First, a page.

Overview of OAuth WRAP
|Current information about Live Connect is now available in the Windows Live Developer Center. The information in the following sections is provided for legacy purposes only.|
The information that users store in Windows Live services, such Windows Live Contacts, can be private and confidential. As a result, third-party applications that want to access this information must have the consent of the user.
To ensure that applications can access a user's information only with that user's consent, the Windows Live SDK uses OAuth Web Resource Authorization Protocol (WRAP). OAuth WRAP uses an exchange of tokens over SSL to protect a user's information. These tokens are generated by requesting the user to approve, or to provide consent, to an application. This approval is limited in duration and in the type of information that the application can access. For example, a user might allow one application access to view and update contacts, while allowing another application permission to access Windows Live Messenger functions, such as online status.
OAuth WRAP is straightforward to implement in an application. The following diagram illustrates the flow of information during a typical exchange that uses OAuth WRAP.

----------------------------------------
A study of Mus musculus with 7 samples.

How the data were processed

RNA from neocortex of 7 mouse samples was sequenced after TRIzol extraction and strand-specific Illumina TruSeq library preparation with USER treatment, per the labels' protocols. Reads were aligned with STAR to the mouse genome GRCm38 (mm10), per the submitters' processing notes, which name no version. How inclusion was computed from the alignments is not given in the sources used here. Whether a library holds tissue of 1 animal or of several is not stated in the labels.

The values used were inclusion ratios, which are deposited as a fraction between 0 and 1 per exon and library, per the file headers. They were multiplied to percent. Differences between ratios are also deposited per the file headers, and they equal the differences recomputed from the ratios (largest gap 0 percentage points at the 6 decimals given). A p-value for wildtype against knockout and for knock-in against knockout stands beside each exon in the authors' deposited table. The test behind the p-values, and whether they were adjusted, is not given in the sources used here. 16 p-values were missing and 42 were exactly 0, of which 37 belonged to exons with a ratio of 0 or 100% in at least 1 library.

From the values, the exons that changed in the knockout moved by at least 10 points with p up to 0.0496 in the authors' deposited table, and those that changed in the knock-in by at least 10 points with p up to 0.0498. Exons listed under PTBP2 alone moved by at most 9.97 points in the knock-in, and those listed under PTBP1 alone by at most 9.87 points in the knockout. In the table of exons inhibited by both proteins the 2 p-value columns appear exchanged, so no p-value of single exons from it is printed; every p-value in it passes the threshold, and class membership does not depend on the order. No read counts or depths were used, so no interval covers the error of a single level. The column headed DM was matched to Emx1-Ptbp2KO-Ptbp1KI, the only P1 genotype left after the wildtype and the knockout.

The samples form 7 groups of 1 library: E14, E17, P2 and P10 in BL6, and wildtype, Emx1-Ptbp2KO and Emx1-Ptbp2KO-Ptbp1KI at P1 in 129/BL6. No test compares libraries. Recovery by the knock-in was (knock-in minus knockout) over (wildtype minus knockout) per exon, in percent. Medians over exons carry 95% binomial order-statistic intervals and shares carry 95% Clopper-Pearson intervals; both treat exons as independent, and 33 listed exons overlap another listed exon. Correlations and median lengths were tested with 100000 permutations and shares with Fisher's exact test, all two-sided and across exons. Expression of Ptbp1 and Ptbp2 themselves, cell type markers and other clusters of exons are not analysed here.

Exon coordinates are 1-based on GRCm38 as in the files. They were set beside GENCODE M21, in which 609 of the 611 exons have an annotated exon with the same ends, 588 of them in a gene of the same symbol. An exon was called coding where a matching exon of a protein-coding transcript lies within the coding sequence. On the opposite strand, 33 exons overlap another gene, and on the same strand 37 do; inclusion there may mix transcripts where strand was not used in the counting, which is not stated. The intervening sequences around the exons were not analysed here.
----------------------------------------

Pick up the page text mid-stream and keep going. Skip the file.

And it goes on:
The basic authorization flow for OAuth WRAP is as follows:
The user accesses an application.
The user is directed to the Windows Live consent service (https://consent.live.com/Connect.aspx) to acquire a verification code.
The user consents to allow the application to access information that is stored in a Windows Live service.
The user is returned to the application with a verification code.
The application uses the verification code to contact the Windows Live access token endpoint (https://consent.live.com/AccessToken.aspx).
The Windows Live consent service returns an access token and a refresh token to the application.
The application uses the access token to acquire user data from a Windows Live service, such as Windows Live Messenger.
When the access token expires, the application uses the refresh token to get a new access token through the refresh token endpoint (https://consent.live.com/RefreshToken.aspx). This process continues until the user's consent expires. At that point, the application can request the user to renew its consent through the Windows Live consent service.
To learn about OAuth WRAP, see the OAuth WRAP specification at http://go.microsoft.com/fwlink/?LinkId=194166.